NHS wins £1billion Hepatitis drug challenge

18 Jan 2019


[2019] EWHC 61 (TCC)

Pharma giant AbbVie challenged the largest NHS drug procurement ever undertaken, for contracts to treat and eliminate Hepatitis C (“HCV”) worth about £1 billion over five years commencing April 2019.

The procurement is a “whole market” procurement, to award market shares to all three existing HCV drug suppliers. The Claimant challenged two aspects of the Procurement, claiming breach of the duty of equal treatment in Regulation 18 (1) of the Public Contracts Regulations:

i) A “dummy price mechanism” (“DPM”) used in the assessment which the Claimant said gave an unfair advantage to bidders unable to supply part of the market as compared to those that could.

ii) An Unmetered Access Model (“UAM”) involving a fixed fee for all the patients a supplier commits to treat, the Claimant claiming as unfair that failure by one bidder to treat all its patients might require others to do so without additional pay.

In an important judgment on the equal treatment principle and the margin of discretion available to the contracting authority Choudhury J dismissed the claim on all points, holding:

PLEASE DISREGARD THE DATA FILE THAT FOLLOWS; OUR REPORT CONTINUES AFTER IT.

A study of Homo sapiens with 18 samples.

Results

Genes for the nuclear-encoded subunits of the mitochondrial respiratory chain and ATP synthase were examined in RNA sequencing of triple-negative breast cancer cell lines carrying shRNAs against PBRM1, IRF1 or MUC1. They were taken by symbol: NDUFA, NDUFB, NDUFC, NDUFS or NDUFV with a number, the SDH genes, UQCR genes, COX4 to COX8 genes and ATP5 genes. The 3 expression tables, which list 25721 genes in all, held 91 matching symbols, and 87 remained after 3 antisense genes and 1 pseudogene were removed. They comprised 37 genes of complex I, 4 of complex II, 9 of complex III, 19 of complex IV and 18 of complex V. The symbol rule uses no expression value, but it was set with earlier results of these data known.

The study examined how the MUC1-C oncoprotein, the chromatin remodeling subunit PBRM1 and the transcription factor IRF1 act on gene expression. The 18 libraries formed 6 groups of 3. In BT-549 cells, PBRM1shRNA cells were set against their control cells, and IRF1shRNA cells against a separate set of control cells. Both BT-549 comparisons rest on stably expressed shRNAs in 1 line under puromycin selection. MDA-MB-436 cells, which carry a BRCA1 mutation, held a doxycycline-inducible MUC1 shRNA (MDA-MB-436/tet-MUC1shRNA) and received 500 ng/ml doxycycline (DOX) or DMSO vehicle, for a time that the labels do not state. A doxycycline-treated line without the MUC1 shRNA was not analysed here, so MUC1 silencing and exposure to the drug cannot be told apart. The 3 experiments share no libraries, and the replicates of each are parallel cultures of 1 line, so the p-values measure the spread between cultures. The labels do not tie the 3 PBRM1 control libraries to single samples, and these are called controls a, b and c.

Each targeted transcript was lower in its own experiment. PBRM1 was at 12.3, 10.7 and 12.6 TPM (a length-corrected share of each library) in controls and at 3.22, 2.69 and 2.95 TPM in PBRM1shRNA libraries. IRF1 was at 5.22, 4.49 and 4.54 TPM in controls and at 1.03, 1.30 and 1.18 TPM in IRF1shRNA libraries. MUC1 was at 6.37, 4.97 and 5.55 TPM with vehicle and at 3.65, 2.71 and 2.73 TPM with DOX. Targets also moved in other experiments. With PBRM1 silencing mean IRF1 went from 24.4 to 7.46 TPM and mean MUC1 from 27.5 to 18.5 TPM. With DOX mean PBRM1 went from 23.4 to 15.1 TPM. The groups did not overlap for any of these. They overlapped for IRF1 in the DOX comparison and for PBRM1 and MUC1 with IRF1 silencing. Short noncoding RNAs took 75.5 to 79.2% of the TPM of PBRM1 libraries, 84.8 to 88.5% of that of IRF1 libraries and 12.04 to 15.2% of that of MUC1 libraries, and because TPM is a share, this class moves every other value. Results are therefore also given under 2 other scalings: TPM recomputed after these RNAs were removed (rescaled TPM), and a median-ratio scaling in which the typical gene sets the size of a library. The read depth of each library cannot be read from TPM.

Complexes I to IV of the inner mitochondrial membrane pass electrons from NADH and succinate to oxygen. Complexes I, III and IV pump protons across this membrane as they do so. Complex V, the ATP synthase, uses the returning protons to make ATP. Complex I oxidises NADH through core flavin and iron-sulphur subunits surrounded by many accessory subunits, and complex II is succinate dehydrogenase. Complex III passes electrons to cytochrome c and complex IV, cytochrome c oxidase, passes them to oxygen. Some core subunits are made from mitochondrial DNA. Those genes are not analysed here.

i) The DPM did not amount to a breach of equal treatment. That a bidder might fare better than a rival under a particular model did not necessarily mean that model was in breach of equal treatment. The choice of model falls within the wide discretion available to contracting authorities to choose award criteria for their purposes. The evidence clearly demonstrated that the Claimant could still win the largest share, depending on the prices it chose to bid. Alternatively, the DPM would be objectively justified for reasons including the increase of competition, reducing cost and maximising health benefits.

ii) In relation to the UAM, the fixed fee did not breach equal treatment. The advantage the Claimant believed it had by reason of a more popular product was not a difference in competitive position which needed to be catered for in the tender rules. An application of the same rules to all suppliers, irrespective of competitive position, does not amount to unequal treatment. Also, the Claimant’s claimed understanding of how value was to be assessed was not that of the reasonably well-informed and normally diligent tenderer. Alternatively, on the evidence any discriminatory effect would be modest and thus relatively easy to justify and was objectively justified for the reasons relied upon by the Defendant.

Philip Moser QC of Monckton Chambers acted for the successful Defendant, instructed by Blake Morgan.

Ligia Osepciu of Monckton Chambers was also instructed by the Defendant on the case.

The full (non-confidential part of the) judgment is here.